Photo by Paul Colangelo

After the development project was presumed dead for several years, Pebble Limited Partnership has taken new steps toward gaining the permits it needs to start operation of the gold, copper, and precious metals mine in Southwest Alaska. On Feb. 20th, the Alaska District of the U.S. Army Corps of Engineers announced that it had published the Draft Environmental Impact Statement (DEIS) for the 20-year mining proposal at Pebble Mine.

Near the headwaters of Bristol Bay and its world-class salmon runs, the location was long seen as a deal-breaker for Pebble Mine. Should anything go wrong or if the plan itself isn’t on the level, the world’s strongest run of wild sockeye salmon will be contaminated and potentially decimated for countless generations.

We’re not going to pretend we’re unbiased. Quality Seafood Delivery very much prefers a healthy, delicious, and sustainable source of meat for ourselves, our children, and our children’s children. We also believe an honest cost-benefit analysis clearly shows Pebble Mine is a bad idea environmentally, agriculturally, and economically.

What’s at Stake?

The Pebble Mine is expected to produce 5.74 billion pounds of copper, 6.4 million ounces of gold, 32 million ounces of silver, 260 million pounds of molybdenum, and 6.4 million pounds of rhenium, a superalloy that’s valued for its wear resistance and ability to withstand corrosion. This isn’t an insignificant deposit. It’s unclear, however, whether the mine can produce at this level by focusing solely on deposits near the surface.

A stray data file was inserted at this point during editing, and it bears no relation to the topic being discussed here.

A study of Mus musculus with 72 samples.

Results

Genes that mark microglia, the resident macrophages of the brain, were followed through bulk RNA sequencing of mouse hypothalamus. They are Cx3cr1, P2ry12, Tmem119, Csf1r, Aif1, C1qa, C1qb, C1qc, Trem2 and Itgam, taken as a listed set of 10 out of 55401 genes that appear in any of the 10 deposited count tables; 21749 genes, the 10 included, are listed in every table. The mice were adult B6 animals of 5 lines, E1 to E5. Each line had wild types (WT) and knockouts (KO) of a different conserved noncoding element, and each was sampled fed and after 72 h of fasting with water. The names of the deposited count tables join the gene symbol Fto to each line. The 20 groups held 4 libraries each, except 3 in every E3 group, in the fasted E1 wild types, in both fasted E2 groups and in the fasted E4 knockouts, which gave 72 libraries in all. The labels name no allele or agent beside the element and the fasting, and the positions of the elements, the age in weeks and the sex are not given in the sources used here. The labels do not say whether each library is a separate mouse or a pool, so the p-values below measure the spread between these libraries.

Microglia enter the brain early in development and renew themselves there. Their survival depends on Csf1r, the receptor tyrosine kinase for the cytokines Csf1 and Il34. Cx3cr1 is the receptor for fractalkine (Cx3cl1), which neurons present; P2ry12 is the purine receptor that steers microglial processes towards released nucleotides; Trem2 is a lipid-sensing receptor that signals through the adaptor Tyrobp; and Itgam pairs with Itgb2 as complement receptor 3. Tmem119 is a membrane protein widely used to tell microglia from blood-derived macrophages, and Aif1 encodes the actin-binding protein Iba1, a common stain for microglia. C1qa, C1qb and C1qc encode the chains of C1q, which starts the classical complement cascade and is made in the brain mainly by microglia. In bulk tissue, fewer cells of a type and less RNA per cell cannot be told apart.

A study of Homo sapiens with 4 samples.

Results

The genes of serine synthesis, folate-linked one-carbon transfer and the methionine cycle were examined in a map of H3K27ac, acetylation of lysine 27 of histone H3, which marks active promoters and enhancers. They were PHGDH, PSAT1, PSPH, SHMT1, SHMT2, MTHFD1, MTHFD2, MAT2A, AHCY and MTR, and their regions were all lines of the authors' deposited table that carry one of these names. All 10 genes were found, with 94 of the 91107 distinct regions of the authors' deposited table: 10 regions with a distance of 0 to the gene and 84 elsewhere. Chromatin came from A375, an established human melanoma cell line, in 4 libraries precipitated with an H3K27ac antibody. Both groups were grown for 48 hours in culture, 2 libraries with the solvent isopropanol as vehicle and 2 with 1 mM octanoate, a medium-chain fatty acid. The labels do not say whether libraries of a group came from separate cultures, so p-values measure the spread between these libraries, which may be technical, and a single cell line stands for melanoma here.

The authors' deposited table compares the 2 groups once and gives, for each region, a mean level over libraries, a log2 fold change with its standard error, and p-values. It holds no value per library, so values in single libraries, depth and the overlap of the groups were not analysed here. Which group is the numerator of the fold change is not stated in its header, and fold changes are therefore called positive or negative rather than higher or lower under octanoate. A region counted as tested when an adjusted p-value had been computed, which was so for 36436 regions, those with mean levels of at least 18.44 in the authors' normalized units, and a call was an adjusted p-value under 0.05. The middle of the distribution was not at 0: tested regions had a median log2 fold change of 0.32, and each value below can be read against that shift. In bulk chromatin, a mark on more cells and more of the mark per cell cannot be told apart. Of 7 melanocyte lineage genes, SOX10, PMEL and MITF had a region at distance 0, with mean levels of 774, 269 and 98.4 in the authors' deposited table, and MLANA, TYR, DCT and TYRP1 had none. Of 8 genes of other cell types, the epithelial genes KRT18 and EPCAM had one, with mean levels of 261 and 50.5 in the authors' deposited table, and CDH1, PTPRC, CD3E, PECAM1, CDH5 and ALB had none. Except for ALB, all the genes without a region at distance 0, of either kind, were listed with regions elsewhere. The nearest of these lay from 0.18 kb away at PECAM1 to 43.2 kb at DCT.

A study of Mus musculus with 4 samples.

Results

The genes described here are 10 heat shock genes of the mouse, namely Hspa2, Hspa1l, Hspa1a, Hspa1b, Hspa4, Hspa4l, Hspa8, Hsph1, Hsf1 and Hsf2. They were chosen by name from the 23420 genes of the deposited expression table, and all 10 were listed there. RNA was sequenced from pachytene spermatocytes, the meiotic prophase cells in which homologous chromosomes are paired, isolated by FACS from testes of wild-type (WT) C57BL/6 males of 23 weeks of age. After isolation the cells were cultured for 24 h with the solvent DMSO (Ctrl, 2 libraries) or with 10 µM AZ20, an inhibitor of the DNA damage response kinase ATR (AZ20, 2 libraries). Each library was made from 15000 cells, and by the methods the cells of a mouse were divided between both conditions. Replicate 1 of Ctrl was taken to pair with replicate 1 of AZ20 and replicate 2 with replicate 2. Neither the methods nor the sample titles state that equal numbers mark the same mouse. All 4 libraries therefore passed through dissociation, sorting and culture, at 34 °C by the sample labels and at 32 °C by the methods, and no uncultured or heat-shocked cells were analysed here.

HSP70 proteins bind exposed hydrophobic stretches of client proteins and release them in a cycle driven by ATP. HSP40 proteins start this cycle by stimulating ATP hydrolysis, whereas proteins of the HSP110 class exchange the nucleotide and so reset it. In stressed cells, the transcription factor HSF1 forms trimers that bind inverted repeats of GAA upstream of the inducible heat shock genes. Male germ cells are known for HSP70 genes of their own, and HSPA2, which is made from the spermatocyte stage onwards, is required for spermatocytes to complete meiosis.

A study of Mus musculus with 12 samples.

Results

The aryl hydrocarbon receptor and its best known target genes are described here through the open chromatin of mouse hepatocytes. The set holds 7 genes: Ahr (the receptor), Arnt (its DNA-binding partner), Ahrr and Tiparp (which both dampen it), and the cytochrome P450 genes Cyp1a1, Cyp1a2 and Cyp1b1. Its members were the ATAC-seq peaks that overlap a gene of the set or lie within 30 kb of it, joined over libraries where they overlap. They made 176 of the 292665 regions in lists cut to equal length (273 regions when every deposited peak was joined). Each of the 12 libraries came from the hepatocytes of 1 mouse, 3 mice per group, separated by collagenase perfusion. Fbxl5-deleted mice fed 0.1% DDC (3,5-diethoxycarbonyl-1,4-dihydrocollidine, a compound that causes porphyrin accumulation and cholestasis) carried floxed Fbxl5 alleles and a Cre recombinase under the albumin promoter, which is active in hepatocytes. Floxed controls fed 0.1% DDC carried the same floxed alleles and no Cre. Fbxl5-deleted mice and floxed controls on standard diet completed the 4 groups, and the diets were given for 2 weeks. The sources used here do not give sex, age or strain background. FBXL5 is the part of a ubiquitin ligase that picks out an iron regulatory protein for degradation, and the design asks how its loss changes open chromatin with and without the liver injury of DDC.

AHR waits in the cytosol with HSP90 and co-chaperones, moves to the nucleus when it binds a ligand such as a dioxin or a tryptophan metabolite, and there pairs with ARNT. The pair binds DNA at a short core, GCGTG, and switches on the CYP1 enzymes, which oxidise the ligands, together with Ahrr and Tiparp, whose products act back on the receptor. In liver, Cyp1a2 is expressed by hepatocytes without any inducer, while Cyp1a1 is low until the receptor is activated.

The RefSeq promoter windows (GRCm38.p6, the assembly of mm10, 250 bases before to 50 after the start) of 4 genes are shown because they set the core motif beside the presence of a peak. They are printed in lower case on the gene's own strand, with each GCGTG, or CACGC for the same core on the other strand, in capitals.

Bristol Bay is home to the world’s strongest run of sockeye salmon, among other sources of wholesome seafood and natural delights. In 2018, the Bristol Bay area produced a Sockeye harvest of approximately 42 million salmon. This was out of 50 million Sockeye salmon in the entire state of Alaska. It affects communities all across the country who have local fishermen, like Nick Lee in Moab, who spend the summer months fishing Bristol Bay waters and then bring their salmon harvest back home to sell to their friends, neighbors, and local restaurants.

Moreover, Bristol Bay is known not just for the strength of its salmon run but also its pristine waters. People the world over looking for a healthy and clean-tasting fish rely on Bristol Bay fisheries to source their salmon. According to this piece in the NYTimes, the 40,000 square-mile watershed generates 14,000 jobs and $1.5 billion annually for the local Bristol Bay economy.

What’s the Plan?

Pebble Limited Partnership says that the new plan is to focus on a deposit that comes right to the surface. The details of the plan indicate a mining operation that’s 1.3 miles long, 1 mile wide, and dug to a depth of 1,970 feet. It will also include large collecting pools of sulfurous liquid waste. United Tribes of Bristol Bay is concerned about potential spills and dam failures polluting the local watershed, as well as additional health concerns for local residents. The mining industry has a horrendous track record when it comes to adherence to best practices. But even if Pebble Limited Partnership is as diligent as possible, the risk of disaster will be omnipresent. This area of Southwest Alaska is prone to earthquakes.

This digital mockup of the Pebble Mine site was created by the US Army Corps of Engineers.

Bipartisan Opposition may not be Enough

For decades, the Pebble Mine has been opposed by Democrats and Republicans, including many pro-industry, pro-development, high-profile politicians. The late senator, Ted Stevens, famously described Pebble Mine as “the wrong mine in the wrong place.” The World Bank has committed to a plan that would develop the world’s energy resources in a responsible and sustainable fashion. The Pebble Mine has been cited as the antithesis of the bank’s climate-smart plan. This mine is literally the example of what we don’t want to do for a sustainable future. It’s not the sort of project that can be justified by making tweaks to the mining plan. Yet, under the tutelage of the Trump administration, Pebble Limited Partnership continues to plow ahead with its plans and is getting dangerously close to the final permits it needs to begin operations.